It was shocking to read that in 18 months 100 people died from the Clostridium difficile superbug at one Sherbrooke, Quebec, hospital. Even more worrying is that between 8,000 and 12,000 Canadian patients die of hospital acquired blood infections, infected surgical wounds and antibiotic resistant organisms every year. And a report by Health Grades Inc., released 2 weeks ago, concludes that there were an astounding 575,000 preventable deaths in U.S. hospitals between 2000 and 2002, many from hospital-acquired infections.
But shock, worry and amazement won’t help answer the question; what makes the hospital environment one of North America’s biggest killers?
While some medical errors will always occur, according to a Canadian survey published in the September issue of the American Journal of Infection Control, up to half of all hospital-acquired infections are preventable. But hospital infection control procedures are inadequate. The survey reports that fewer than 25 per cent of Canadian hospitals have adequate measures in place to properly prevent the spread of infection. And nearly half of all hospitals fall short of the minimum recommendations for the number of infection-control staff.
An American study reported in the Chicago Tribune concluded that up to 75 per cent of deadly infections caught at hospitals could be avoided by doctors and nurses using better washing techniques.
Nevertheless, it is wrong to simply blame front-line medical workers for these unnecessary infections. Data shows that successful behavioral change is contingent upon vigilant supervisors who put in place adequate preventive measures and demand proper cleaning practices. As well, understanding management, a culture of respect, proper staffing levels, ongoing education programs and proper shift scheduling have all been shown to improve the health and safety of hospitals—for both patients and workers.
The biggest barrier to improvement, however, is our economic system, which focuses on cures and technology because that's where the biggest, quickest profits can be found. Billions of dollars are spent annually on the development of new drugs and medical technologies, but little is spent on basic hospital infection control—even though this would save a greater number of lives—because there has been little economic incentive to do so. Some company makes a profit when a new MRI machine is purchased, but the bottom line that benefits from better hand-washing techniques is only measured in lives.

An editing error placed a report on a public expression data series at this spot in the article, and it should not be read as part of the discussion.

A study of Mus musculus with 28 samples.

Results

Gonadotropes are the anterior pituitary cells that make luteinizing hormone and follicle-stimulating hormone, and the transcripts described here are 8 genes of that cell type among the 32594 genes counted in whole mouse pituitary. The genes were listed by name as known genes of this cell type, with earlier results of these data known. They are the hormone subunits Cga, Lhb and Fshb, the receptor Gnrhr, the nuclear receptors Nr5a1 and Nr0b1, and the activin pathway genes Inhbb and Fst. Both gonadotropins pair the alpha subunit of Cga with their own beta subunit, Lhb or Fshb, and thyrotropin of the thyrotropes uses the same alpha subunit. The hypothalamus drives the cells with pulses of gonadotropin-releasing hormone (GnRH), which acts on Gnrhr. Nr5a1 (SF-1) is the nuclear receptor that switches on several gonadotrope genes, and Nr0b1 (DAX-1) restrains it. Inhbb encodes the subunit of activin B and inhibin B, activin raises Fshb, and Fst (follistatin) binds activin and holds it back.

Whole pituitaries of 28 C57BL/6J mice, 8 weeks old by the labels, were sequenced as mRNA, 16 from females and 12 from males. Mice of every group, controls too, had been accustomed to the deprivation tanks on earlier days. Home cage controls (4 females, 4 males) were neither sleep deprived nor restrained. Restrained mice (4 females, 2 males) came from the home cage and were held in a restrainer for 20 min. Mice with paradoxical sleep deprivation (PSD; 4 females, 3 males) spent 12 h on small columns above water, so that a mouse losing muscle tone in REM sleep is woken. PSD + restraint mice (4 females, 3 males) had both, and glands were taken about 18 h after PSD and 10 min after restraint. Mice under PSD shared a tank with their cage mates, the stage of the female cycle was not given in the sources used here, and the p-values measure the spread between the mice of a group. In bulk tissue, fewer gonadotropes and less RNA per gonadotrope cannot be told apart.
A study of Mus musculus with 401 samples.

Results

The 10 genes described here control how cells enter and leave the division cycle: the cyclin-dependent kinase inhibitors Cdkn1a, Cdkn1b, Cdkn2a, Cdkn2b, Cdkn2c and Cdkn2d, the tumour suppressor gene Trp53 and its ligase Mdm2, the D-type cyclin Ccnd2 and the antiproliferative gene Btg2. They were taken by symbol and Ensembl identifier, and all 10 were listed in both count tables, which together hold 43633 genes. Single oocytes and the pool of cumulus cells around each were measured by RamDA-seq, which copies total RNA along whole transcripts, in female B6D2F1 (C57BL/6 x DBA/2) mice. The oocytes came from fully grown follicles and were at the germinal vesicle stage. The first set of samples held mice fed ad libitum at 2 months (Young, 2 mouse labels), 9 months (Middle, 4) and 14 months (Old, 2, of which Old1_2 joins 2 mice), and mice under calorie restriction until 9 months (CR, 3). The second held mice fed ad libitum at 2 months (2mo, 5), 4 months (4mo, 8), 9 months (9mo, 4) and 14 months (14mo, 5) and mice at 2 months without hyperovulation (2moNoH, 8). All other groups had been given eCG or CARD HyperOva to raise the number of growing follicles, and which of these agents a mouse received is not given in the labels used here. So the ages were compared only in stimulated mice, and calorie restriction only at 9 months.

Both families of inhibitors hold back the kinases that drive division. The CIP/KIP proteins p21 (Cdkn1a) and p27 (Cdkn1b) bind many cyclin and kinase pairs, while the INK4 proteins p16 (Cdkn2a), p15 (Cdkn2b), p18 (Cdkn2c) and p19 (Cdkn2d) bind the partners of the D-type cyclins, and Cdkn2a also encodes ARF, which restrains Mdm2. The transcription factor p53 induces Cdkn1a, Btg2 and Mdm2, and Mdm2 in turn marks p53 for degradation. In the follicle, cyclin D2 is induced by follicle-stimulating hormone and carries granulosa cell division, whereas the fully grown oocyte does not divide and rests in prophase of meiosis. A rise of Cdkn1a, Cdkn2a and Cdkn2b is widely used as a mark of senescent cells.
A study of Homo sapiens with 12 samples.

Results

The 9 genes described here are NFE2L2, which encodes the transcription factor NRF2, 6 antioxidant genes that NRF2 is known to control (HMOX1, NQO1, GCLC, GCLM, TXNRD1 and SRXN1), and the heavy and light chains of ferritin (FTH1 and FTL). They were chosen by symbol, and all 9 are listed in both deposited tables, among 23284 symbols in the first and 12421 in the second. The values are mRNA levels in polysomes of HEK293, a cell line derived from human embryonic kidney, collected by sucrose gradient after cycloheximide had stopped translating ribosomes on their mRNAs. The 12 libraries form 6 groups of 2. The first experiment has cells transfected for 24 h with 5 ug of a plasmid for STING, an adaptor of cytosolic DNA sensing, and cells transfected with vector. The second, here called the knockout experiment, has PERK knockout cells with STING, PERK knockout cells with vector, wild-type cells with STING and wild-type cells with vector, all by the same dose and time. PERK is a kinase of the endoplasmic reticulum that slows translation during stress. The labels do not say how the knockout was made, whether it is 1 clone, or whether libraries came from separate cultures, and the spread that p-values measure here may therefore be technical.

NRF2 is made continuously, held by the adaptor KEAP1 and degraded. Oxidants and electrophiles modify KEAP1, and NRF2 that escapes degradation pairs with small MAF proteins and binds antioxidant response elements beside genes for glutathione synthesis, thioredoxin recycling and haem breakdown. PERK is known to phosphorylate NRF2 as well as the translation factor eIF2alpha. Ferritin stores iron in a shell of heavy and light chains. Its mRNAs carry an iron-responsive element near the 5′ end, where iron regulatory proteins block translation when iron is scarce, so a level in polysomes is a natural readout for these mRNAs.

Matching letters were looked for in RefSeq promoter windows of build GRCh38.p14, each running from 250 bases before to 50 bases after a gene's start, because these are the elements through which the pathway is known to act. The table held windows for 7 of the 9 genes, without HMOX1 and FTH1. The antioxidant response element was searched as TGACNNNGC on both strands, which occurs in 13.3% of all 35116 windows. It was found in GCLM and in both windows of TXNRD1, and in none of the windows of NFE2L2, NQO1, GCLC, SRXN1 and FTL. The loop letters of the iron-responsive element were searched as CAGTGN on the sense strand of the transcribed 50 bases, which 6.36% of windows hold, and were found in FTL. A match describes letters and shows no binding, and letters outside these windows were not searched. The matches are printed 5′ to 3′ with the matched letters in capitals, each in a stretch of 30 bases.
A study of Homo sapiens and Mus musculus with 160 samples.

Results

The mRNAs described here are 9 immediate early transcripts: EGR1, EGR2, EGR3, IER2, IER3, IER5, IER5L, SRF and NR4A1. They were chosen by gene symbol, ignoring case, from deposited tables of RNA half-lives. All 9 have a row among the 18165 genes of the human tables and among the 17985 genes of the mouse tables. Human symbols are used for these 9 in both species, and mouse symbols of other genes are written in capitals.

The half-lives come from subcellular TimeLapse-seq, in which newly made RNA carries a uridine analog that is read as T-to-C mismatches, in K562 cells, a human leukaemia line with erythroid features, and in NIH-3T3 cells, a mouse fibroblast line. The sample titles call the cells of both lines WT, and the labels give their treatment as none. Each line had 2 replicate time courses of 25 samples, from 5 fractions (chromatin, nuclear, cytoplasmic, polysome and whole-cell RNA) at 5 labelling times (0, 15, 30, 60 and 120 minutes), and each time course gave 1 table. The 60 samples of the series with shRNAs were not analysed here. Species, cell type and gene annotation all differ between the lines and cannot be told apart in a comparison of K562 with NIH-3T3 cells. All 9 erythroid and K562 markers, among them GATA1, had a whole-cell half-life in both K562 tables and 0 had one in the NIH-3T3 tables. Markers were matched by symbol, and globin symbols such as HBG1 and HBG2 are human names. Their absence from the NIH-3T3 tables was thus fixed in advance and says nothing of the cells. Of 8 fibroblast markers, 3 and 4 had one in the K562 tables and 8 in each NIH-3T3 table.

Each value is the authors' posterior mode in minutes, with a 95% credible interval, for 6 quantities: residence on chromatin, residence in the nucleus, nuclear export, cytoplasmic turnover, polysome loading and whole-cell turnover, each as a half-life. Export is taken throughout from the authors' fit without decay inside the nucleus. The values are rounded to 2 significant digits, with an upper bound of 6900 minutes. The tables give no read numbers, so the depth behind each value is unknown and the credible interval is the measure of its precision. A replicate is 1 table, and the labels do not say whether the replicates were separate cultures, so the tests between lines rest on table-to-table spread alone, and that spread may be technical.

An over-reliance on the profit motive outside the hospital door also causes infection-control problems. Recent American data, reported in New Scientist July 2003, shows that more than 70 per cent of hospital-acquired infections are resistant to at least one common antibiotic. Infections resistant to antibiotics significantly increase the chance of death.
This increase in deadly multi-resistant viruses is, in large part, attributable to our overuse of antibiotics, which is connected to drug companies' bottom lines. Doctors, faced with patients demanding quick cures, and encouraged by a pharmaceutical industry that spends billions on advertising, have over-prescribed antibiotics. This over-prescription increases the growth of multi-resistant organisms. In the case of Clostridium difficile, antibiotics perturb the bacterial flora in the intestine, which opens the door to the superbug.
Moreover, half of all antibiotics sold each year are used on animals, according to New Scientist. Industrial farmers give their animals constant low doses of these drugs to treat infection but also as a growth hormone. The administration of low doses is especially problematic since it becomes a feeding ground for organisms to mutate. Data shows a strong correlation between increased use of antibiotics on animals and the emergence of resistant strains in the animal population with mirrored increases amongst people.
To end this practice, governments in Sweden and Denmark have already banned antibiotic growth promoters while the European Union's ban will become total in 2006. Ottawa and Washington, kowtowing to the animal industry, have done little.
Hospitals can be much safer and healthier places. Thousands of lives can be saved if real health outcomes can be given priority over profit-making opportunities.
Yves Engler lives in Montreal and writes regularly on health policy. He is author of the forthcoming book Playing Left Wing from Hockey to Politics: The Making of a Student Activist. He can be reached at: email@example.com.